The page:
PARIS -- Like many a great artist, Bernard Loiseau was a fragile and sometimes tortured soul, a perfectionist tending to one of France's greatest passions: food.
Loiseau's apparent suicide Monday shocked France, plunged the gastronomic world into mourning and raised a storm of condemnation from fellow culinary masters, who blamed all-powerful food critics for pushing the celebrated chef toward despair.
Loiseau, 52, was found dead in the bedroom of his home in Saulieu, near his three-star "Cote d'Or" restaurant in the Burgundy region southeast of Paris. A rifle was at his side.
Dijon Prosecutor Jean-Pierre Alacchi said suicide was "very probably" the cause of death.
The energetic Loiseau was a pioneer inside and outside the kitchen. He was among the first chefs to promote "nouvelle cuisine," lightening thick, creamy sauces and cooking various ingredients, like vegetables, separately to maximize their savor.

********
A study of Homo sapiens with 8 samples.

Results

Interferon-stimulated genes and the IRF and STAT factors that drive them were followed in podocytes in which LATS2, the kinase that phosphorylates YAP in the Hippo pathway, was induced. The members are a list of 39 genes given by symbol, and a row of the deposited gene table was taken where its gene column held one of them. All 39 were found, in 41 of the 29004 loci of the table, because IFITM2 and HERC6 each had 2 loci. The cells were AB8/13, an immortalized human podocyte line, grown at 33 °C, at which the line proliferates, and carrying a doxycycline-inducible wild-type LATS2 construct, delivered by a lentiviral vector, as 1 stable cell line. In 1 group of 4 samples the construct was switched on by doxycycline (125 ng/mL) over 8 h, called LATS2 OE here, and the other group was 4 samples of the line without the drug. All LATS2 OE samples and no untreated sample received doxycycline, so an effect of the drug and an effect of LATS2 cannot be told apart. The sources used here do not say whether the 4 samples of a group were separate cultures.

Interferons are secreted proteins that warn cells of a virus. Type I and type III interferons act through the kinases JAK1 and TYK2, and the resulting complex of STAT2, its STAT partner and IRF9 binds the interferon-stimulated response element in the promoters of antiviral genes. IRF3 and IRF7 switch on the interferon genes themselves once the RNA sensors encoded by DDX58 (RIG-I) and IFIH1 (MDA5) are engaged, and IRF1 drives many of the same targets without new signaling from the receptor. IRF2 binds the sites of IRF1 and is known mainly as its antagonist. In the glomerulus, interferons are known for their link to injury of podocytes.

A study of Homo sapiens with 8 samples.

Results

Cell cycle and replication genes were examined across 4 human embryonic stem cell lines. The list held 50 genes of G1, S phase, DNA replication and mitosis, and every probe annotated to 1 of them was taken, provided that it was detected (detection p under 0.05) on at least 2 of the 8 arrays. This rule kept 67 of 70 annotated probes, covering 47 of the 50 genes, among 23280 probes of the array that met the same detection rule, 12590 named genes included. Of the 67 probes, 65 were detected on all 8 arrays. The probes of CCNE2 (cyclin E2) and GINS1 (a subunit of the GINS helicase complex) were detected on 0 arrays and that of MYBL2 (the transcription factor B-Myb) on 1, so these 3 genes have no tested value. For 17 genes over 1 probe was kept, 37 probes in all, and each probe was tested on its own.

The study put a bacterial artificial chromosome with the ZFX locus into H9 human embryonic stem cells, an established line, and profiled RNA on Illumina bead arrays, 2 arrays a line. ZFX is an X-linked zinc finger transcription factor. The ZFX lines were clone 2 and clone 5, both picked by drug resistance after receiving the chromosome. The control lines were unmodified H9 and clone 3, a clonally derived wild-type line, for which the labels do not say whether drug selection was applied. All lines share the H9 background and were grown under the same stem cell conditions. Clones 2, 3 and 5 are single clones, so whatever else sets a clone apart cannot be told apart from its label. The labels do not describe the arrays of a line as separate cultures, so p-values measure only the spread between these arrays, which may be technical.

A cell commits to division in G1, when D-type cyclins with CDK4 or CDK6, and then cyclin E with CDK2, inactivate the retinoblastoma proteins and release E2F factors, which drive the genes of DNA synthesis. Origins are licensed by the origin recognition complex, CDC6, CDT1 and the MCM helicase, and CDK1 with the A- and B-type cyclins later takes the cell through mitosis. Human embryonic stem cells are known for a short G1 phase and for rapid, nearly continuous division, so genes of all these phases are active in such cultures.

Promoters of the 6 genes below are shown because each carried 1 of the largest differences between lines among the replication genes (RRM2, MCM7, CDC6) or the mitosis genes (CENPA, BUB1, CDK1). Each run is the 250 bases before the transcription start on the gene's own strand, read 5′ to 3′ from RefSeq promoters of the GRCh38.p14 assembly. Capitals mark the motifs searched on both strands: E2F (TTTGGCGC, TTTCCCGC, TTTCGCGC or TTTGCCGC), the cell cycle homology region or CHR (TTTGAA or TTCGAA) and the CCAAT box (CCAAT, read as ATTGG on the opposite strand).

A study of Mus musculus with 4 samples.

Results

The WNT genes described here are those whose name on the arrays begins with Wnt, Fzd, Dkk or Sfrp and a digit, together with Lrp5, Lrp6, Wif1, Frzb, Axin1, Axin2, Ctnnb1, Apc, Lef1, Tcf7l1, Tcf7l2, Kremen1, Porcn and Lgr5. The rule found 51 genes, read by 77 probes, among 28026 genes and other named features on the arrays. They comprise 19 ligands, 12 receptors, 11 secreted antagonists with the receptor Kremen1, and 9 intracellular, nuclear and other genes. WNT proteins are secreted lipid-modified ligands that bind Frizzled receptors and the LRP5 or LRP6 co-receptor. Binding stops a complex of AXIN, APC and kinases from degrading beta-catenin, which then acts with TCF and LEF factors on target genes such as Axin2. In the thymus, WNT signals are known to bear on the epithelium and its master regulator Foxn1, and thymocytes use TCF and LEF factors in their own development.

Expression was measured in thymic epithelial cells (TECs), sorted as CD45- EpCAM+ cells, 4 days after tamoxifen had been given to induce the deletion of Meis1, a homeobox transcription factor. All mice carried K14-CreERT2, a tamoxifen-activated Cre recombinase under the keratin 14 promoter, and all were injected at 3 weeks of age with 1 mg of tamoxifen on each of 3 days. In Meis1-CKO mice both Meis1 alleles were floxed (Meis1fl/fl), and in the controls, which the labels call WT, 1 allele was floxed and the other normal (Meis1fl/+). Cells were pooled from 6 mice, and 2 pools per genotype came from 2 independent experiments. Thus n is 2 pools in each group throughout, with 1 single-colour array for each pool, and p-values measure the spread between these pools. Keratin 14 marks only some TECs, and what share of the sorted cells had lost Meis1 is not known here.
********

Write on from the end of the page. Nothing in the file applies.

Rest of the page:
Loiseau, who had three children, also became an entrepreneur, with a line of frozen foods, a boutique near his "Cote d'Or" restaurant and three eateries in Paris. He published numerous books and appeared on television.
Amid it all, Loiseau managed to maintain his restaurant's top three-star rating, first awarded in 1991 by the benchmark Michelin Red Guide. But the Red Guide said it was forced to issue a statement Feb. 7 to stop "all the rumors" that Loiseau could be losing a prized star.
Fell in ratings
Loiseau did lose two points, going from 19 to 17, in the 20-point rating system of the GaultMillau. That guide has gained in prestige and power in recent years.
Top chefs castigated the rating system of which they all are captive.
"He said, 'If I lose a star, I'll kill myself,'" said another three-star chef, Jacques Lameloise.
Paul Bocuse, who said he spoke with Loiseau three times a week, predicted the chef's death would raise questions about the system.
"These critics are like eunuchs," he said. "They know what to do but they can't do it."